Looking for Love on Facebook

The majority of people who met their current partner online did not find love through dating sites, but chat rooms (24%), social networking sites (14%), bulletin boards (8%) and a variety of different sites. 

According to new research released by the Oxford University Internet Institute last month, I really AM the only single woman not looking for love on online. Okay, perhaps that is an exaggeration but results of the international survey find that in 2009 30% of newly cohabitating couples with access to the internet met online. If that number doesn’t surprise you then maybe this will – social networking sites are gaining on online dating sites as the most popular places to find love. 

The survey asked cohabitating couples from 18 different countries to report where they met their current partner and where they were looking for love at the time. Germans lead the pack in using the internet to find love with 29% of couples having met their current partner this way (for those who met since 1997) with Sweden right behind them at 28%. Greece and Ireland are among the lowest with fewer than 16% of couples meeting this way. 

Younger people may be more likely than older people to have met their current partner online, but this is only because this group had the broadest exposure to the Internet in the period of their life when they were looking for a mate. Couples who met each other when they were forty or older are significantly more likely to have met online than the younger generation. So for example, relationships that started when the couple were between 50 and 59 years old were more likely than any other group to have met their current partner online – 38% compared to only 19% for those between 20 and 29.

Gay men use online dating more than anyone else, with 50% using online dating sites to look for love, but then gay men are more likely to use any form of organized search than either heterosexual men or all women. The exception to this is searching through church affiliations and through family and friends. This last result is interesting because lesbians are more likely than heterosexual women to look for a partner through family and friends, and only slightly less likely to look at church (17% compared to 19%). 

Heterosexual men search in bars and clubs more than any other place, but they might be wasting their time not only because women are significantly less likely to search there (65% compared to 73%) but because that search method isn’t very successful; of those who searched in bars for a mate only 23% found their current partner that way.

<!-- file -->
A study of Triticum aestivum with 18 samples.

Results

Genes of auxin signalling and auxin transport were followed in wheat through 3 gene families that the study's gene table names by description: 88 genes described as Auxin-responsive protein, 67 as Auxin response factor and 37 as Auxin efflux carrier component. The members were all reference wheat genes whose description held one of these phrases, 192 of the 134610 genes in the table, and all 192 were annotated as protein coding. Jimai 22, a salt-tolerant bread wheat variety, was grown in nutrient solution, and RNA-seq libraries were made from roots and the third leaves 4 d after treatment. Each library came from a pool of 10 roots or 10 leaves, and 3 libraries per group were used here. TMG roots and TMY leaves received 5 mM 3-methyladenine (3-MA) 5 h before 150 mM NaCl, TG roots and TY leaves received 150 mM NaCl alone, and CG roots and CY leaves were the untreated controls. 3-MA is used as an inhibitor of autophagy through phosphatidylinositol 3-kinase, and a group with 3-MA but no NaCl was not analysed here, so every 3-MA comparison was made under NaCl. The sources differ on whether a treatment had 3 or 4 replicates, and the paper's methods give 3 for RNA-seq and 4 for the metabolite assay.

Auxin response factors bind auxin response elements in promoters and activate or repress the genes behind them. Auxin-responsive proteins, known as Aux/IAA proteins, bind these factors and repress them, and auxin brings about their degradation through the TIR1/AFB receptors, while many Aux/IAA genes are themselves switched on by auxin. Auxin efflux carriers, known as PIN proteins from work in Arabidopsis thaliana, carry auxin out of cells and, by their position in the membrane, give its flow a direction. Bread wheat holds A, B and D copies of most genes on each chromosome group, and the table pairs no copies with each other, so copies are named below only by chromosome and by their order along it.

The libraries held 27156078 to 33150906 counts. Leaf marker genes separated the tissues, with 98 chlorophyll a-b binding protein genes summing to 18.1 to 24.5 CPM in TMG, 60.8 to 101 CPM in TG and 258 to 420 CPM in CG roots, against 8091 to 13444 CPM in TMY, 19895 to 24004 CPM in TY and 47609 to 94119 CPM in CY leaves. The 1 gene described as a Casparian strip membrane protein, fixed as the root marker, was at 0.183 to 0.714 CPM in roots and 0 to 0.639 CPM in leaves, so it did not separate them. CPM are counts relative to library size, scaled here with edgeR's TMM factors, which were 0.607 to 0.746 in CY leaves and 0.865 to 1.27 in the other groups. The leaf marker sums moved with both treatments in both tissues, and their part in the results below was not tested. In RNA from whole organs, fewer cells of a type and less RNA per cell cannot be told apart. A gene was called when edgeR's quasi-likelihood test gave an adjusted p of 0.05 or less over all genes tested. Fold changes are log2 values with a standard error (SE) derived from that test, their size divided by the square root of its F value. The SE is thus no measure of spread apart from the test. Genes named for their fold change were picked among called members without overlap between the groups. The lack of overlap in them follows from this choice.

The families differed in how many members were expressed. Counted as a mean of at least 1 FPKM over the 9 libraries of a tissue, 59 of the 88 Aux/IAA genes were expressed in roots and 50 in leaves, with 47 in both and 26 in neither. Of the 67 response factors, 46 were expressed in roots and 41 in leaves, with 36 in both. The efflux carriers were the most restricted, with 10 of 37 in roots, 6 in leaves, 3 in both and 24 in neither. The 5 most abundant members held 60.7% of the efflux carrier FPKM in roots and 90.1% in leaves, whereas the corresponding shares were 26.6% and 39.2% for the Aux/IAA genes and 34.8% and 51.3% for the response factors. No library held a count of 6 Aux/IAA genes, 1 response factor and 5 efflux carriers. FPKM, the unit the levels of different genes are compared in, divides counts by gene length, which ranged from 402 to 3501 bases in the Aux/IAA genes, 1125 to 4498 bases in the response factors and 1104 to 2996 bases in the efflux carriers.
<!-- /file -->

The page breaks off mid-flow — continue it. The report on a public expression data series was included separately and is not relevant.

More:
The most successful way of finding a mate, amusingly enough, was in a place that people don’t generally go to find love – their workplace. Of those who met their partner offline, 20% met at work. 

Church isn’t a great place to find love, not only did less than 2% of couples who met offline meet there, but only one in fifteen of those actively looking at church were successful.

Here is the interesting part though, for those who met their current partner online, only 38.5% met through website that had the specific purpose to help people find dates. The rest met in chat rooms (24%), social networking sites (14%), bulletin boards (8%) and a variety of different sites. 

Now you are thinking that I started off by saying that social networking is gaining on online dating as a place to find a mate and that 14% is a far cry from 38.5%, and you would be right. Here is the issue: My Space didn’t go online until 2003, the same year as Linkedln, and Facebook didn’t appeared until a year later. Given that the percentages quoted above include all couples that met since 1980, a significant share of these couples would have already met when social networking sites became available. If we could, and I really think the authors should, look only at couples who met after 2003, I think you would see the popularity of social networking sites converging on that of online dating.

There is some evidence to support this contention as well. Of people who met their partner since 1997, 30% looked for a relationship on a social networking site. That is 2% more than used online dating.   

This is an interesting report, but it is preliminary. There is one real problem that you should keep in mind if you decide to read it. The sample includes people who have been together between one and thirty years and the authors find that over time the number of cohabitating couples who have met online has increased dramatically. The only couples in the sample though are the ones who survived long enough as a couple to be included in the survey.  If people who met online are more, or less likely, to stay together this estimate is going to be off by a potentially wide margin. There are statistical ways to deal with that problem so we can look forward, hopefully, to some more meaningful results in the future.

Okay, I have to go now and update my Facebook status to say “Marina Adshade… is looking for love in all the wrong places.” 

Hogan, Bernie, William Dutton and Nai Li (2011). “A Global Shift in the Social Relationships of Networked Individuals: Meeting and Dating Online Comes of Age.”